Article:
University of Arizona students who graduate with a degree in English or creative writing go into careers in a variety of fields, including politics. Case in point: Recent alums Arielle Devorah and Kaitlin Hooker are both communications directors and spokespersons for two politicians who were just reelected to the legislature.
Interested in working in politics, both Kaitlin and Arielle received degrees from the School of Government and Public Policy, which provided them with valuable knowledge and experiences. However, the decision to double major in English/creative writing helped set them apart and increased their skill set, paving the way for their early career success.
Arielle Devorah graduated from the Honors College with a double major in creative writing and law in spring 2020 and is the communications director and campaign spokesperson for Ann Kirkpatrick, who won reelection to the House of Representatives for Arizona’s 2nd congressional district.
How did Arielle get such a senior communications position so quickly out of college?
For one thing, Arielle gained valuable experience while she was an undergraduate, participating in Model UN and an internship on Capitol Hill.
“I weirdly remember that I got chills the first time I fielded a constituent call in Congresswoman Kirkpatrick’s office,” Arielle said. “In that moment, where it hit me that I was the liaison between an Arizonan and their representative, I knew that I would be anchored to public service for a long time.”
Arielle also participated in extracurricular activities focused on her creative writing major. She was managing editor of Persona literary magazine and was associate editor for the Arizona Journal of Environmental Law & Policy.
“My job requires me to frequently write on tight deadlines and to juggle multiple audience factors — but because of my extensive training in writing, it is a fun challenge I feel confident to undertake every day.”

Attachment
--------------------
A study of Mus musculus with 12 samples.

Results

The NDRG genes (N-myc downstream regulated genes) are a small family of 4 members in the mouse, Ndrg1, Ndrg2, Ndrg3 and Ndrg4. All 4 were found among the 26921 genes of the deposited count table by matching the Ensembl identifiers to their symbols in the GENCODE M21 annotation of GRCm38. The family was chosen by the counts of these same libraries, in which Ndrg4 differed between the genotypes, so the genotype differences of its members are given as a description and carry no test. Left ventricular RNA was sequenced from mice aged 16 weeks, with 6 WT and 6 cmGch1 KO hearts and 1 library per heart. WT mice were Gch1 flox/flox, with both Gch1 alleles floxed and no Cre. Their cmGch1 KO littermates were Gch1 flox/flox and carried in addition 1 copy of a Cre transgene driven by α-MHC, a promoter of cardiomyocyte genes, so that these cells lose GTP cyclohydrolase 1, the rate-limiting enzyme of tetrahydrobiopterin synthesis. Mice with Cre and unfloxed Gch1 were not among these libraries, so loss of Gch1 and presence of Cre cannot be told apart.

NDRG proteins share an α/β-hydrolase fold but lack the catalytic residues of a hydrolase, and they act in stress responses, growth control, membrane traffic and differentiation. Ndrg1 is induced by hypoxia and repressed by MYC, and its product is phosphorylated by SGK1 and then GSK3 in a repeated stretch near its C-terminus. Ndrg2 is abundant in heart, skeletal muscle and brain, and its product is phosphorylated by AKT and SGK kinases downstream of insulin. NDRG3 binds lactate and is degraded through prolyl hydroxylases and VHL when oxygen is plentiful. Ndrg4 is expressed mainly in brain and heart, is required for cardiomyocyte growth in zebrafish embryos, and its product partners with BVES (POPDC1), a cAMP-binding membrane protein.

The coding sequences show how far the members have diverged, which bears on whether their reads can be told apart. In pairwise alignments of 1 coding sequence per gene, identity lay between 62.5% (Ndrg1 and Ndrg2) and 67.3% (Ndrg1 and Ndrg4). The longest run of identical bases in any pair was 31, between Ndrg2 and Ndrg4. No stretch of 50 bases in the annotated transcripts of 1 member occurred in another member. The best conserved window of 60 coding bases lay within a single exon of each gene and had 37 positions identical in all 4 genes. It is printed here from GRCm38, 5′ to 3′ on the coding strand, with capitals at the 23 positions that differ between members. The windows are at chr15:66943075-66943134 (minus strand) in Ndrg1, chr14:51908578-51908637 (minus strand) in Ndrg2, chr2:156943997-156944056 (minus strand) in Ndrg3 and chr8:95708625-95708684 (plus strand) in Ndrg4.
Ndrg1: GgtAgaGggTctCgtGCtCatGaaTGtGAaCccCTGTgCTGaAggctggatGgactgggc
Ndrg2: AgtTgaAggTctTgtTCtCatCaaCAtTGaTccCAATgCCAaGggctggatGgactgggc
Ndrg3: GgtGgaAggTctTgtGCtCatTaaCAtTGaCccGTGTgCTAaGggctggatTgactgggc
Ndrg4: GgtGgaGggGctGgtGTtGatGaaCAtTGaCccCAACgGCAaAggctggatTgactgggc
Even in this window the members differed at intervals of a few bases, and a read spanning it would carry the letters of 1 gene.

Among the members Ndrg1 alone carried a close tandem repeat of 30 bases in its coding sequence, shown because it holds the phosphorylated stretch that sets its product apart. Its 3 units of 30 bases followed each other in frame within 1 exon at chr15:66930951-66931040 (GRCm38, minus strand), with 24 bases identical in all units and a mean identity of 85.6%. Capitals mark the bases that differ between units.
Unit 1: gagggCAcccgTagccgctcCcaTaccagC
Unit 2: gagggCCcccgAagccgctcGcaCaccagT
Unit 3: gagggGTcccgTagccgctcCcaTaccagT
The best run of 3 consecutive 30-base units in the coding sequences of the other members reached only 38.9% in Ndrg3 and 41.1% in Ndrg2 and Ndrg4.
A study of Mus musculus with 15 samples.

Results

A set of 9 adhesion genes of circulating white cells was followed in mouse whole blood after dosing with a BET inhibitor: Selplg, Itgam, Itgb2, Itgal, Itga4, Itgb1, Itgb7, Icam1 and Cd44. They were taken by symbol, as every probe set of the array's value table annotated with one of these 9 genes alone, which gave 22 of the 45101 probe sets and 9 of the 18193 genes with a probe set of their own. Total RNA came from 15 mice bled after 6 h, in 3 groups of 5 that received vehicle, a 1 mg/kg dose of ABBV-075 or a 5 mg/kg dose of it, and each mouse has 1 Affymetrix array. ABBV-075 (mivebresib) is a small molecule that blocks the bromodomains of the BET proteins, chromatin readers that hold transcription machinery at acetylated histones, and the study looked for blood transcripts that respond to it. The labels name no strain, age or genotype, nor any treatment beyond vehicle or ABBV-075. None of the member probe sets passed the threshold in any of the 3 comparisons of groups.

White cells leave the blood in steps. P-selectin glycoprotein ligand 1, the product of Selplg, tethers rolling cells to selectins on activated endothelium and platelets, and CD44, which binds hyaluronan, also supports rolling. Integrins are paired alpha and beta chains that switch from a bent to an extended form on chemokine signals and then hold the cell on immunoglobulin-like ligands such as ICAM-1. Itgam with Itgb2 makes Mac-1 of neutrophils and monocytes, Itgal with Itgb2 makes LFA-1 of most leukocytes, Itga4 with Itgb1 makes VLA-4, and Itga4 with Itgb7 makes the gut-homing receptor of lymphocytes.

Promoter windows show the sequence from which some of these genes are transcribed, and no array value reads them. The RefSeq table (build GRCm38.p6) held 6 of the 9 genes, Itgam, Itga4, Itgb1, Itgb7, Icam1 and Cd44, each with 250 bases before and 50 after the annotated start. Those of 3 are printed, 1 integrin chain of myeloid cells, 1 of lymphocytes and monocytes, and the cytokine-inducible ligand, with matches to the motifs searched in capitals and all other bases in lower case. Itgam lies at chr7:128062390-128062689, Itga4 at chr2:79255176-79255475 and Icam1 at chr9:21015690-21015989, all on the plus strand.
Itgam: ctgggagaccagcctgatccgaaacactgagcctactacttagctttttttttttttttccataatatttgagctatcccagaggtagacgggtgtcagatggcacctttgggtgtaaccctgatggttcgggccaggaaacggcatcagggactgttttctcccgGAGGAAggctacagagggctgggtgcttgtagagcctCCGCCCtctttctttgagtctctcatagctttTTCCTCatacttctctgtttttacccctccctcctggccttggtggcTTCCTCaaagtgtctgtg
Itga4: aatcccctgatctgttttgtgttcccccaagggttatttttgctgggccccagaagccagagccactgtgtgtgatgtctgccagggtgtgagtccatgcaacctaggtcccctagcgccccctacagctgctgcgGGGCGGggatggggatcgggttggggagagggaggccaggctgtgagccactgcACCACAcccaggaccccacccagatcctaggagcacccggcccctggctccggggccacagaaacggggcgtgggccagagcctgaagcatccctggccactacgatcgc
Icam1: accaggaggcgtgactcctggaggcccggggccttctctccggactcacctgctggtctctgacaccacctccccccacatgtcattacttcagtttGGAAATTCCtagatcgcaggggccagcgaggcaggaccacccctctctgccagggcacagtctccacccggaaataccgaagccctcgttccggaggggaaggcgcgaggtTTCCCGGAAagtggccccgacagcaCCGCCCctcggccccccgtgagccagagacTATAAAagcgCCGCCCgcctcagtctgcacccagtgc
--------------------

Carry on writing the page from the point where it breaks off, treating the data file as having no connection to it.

Her job is the perfect fusion of her two majors.
“The great part about having majors that complement one another is that they prepared me for a wide swath of audiences,” Arielle said. “On the one hand, I can write a really compelling op-ed or creative social media posts, and on the other, the skills I garnered from my law BA enable me to capture really complex information in succinct, comprehensible language.”
Arielle’s advice to students is to chase opportunities “relentlessly and strategically.”
“This means staying in persistent contact, working on yourself professionally, and ‘connecting the dots,’” Arielle said. “More than knowing what we want to do, we need to know why we want to do something. Plus, knowing how to eloquently articulate your intentions to future employers or larger network goes a long way. I was able to get here because I worked hard, focused on self-improvement, and shared my intentions earnestly.”
Kaitlin Hooker obtained a B.A. in English and political science in 2017 and is the communications director and campaign spokesperson for U.S. Rep. Tom O’Halleran, who won reelection to the U.S. House of Representatives for Arizona’s 1st congressional district.
While at the University of Arizona, Kaitlin attended the 2017 inauguration, was a legislative intern, and was a campaign intern at Arizona List.
After graduation, Kaitlin advanced from staff assistant to press assistant to digital director to communications director in three years.
So what’s a typical day like in the world of political communications?
“I very rarely have a typical day, which is something I really like about my job,” Kaitlin said. “Every morning I read a lot of news. I track any and all articles that mention Rep. O’Halleran, national news, news related to the committees we sit on, and every publication in our district to make sure I have a full picture of what is happening both on the ground in Arizona and more broadly. I work with our DC and district team to draft press releases about our legislative work, our casework and outreach in the district, and news of the day. I coordinate and pitch interviews with local and national reporters, send newsletters to our constituents, and manage my boss’ social media accounts.”
Katilin adds, “COVID has changed many things, but a typical in-session week often included attending press conferences and events with Rep. O’Halleran, taking photos, and drafting in-person speeches, addresses, and coordinating town hall meetings.”
Getting a degree in English on top of her political science degree was essential to her career success.
“Clear, concise writing is a skill that has helped me get every internship and job I’ve applied for, both in college and since graduating,” Kaitlin said. “I can’t imagine a degree that would have better prepared me for what I do every day. I also feel that my English degree taught me more than a hard skill, but expanded the way I thought about and considered not only a text, but the world around me.”